Article Text

Mortality of Japanese Olympic athletes in 1964 Tokyo Olympic Games
  1. Taro Takeuchi1,
  2. Yuri Kitamura1,
  3. Soya Ishizuka2,
  4. Sachiko Yamada2,
  5. Hiroshi Aono2,
  6. Takashi Kawahara3,
  7. Tomotaka Sobue1
  1. 1Department of Social Medicine, Osaka University Graduate School of Medicine, Suita, Japan
  2. 2Sport Sciences Laboratory, Japan Sport Association, Shinjuku-ku, Japan
  3. 3Sport Medicine and Science Research Committee, Japan Sport Association, Shinjuku-ku, Japan
  1. Correspondence to Dr Yuri Kitamura; ytkitamura{at}envi.med.osaka-u.ac.jp

Abstract

Objectives To compare the mortality of Japanese athletes in the 1964 Tokyo Olympic Games with that of the Japanese population, and to elucidate factors associated with their mortality.

Methods We obtained from the Japan Sport Association study subjects’ biographical information, information on lifestyles and medical data. Missing data were obtained from online databases. Standardised mortality ratio (SMR) was calculated to compare athletes’ mortality with the Japanese population. Cox proportional hazards model was applied to estimate the HR for each category of body mass index (BMI), smoking history and handgrip strength. This analysis was limited to male athletes due to the small number of female athletes.

Results Among 342 (283 men, 59 women) athletes, deaths were confirmed for 70 (64 men, 6 women) athletes between September 1964 and December 2017. Total person years was 15 974.8, and the SMR was 0.64 (95% CI 0.50 to 0.81). Multivariate analysis performed on 181 male athletes. Mortality was significantly higher for BMI≥25 kg/m2 than for 21–23 kg/m2 (HR: 3.03, 95% CI 1.01 to 9.07). We found no statistically significant associations between smoking history and mortality; the HR (95% CI) for occasional and daily smokers were 0.82 (0.26 to 2.57) and 1.30 (0.55 to 3.03) compared with never smokers. We also found no statistically significant associations between handgrip strength and mortality (P for trend: 0.51).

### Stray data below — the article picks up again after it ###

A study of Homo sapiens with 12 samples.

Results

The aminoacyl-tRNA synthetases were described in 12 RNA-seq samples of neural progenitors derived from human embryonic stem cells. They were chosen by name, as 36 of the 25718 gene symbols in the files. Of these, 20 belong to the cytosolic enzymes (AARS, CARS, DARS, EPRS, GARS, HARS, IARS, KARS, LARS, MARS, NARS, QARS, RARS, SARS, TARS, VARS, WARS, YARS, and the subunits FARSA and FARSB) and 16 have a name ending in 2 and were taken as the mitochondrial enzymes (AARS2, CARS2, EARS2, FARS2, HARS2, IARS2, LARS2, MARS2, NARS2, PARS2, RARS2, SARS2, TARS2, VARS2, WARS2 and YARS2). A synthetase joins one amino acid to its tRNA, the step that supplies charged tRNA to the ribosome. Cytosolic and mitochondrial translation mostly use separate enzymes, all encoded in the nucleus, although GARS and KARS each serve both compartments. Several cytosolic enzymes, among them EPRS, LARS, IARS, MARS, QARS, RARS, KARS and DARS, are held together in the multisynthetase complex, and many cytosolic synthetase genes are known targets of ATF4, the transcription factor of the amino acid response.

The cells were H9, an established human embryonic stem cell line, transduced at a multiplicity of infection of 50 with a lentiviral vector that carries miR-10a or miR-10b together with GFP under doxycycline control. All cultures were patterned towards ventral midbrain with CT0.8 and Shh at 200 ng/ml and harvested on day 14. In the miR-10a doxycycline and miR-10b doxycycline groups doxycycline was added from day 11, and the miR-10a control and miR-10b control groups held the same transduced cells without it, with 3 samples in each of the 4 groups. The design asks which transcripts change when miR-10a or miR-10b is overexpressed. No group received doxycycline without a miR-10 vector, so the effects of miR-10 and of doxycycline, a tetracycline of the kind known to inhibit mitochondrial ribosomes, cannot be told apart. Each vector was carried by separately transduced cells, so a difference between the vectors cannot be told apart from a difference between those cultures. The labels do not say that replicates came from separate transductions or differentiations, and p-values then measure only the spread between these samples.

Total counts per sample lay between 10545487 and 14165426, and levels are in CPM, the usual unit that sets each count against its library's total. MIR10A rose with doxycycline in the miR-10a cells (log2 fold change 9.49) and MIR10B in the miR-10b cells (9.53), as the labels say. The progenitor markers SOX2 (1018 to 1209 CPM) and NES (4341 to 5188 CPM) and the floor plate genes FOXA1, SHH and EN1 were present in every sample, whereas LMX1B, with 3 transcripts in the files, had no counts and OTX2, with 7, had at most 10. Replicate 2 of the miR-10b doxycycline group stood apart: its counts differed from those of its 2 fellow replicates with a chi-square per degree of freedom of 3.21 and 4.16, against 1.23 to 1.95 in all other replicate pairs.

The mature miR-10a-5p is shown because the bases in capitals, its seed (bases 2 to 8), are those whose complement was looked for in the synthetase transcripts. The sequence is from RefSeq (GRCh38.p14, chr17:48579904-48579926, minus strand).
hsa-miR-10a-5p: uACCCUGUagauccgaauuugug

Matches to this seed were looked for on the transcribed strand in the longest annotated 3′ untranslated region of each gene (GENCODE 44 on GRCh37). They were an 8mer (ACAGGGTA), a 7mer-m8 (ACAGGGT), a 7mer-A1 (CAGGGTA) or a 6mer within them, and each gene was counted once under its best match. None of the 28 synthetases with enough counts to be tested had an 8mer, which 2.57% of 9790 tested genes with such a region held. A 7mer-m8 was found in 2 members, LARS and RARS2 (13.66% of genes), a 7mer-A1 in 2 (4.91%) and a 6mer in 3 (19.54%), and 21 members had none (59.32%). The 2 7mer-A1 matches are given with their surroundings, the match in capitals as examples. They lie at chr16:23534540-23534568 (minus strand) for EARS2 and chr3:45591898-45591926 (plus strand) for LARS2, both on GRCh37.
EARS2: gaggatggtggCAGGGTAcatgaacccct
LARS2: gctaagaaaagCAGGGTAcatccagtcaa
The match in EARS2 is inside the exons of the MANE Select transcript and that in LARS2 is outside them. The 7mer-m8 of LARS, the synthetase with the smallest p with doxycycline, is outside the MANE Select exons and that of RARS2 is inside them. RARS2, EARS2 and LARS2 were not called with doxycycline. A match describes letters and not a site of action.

Conclusion Japanese athletes in the 1964 Tokyo Olympic Games lived longer than the Japanese population. BMI≥25 kg/m2 was associated with higher mortality, but smoking history and handgrip strength were not associated with mortality.

  • olympics
  • epidemiology
  • health promotion

  • Contributors Conceptualisation: all authors. Data curation: all authors. Formal analysis: TT, YK, TS. Funding acquisition: YK. Investigation: SI, SY, HA, TK. Methodology: TT, YK, TS. Project administration: all authors. Resources: all authors. Software: TT. Supervision: YK, SI, SY, HA, TK, TS. Validation: TT, YK, TS. Writing-original draft preparation: TT. Writing-review and editing: all authors.

  • Funding This study was supported by Grant-in-Aid for challenging Exploratory Research (17K19906).

  • Competing interests None declared.

  • Patient consent for publication Not required.

  • Provenance and peer review Not commissioned; externally peer reviewed.

  • Data availability statement No data are available. Data cannot be shared publicly because of participants confidentiality.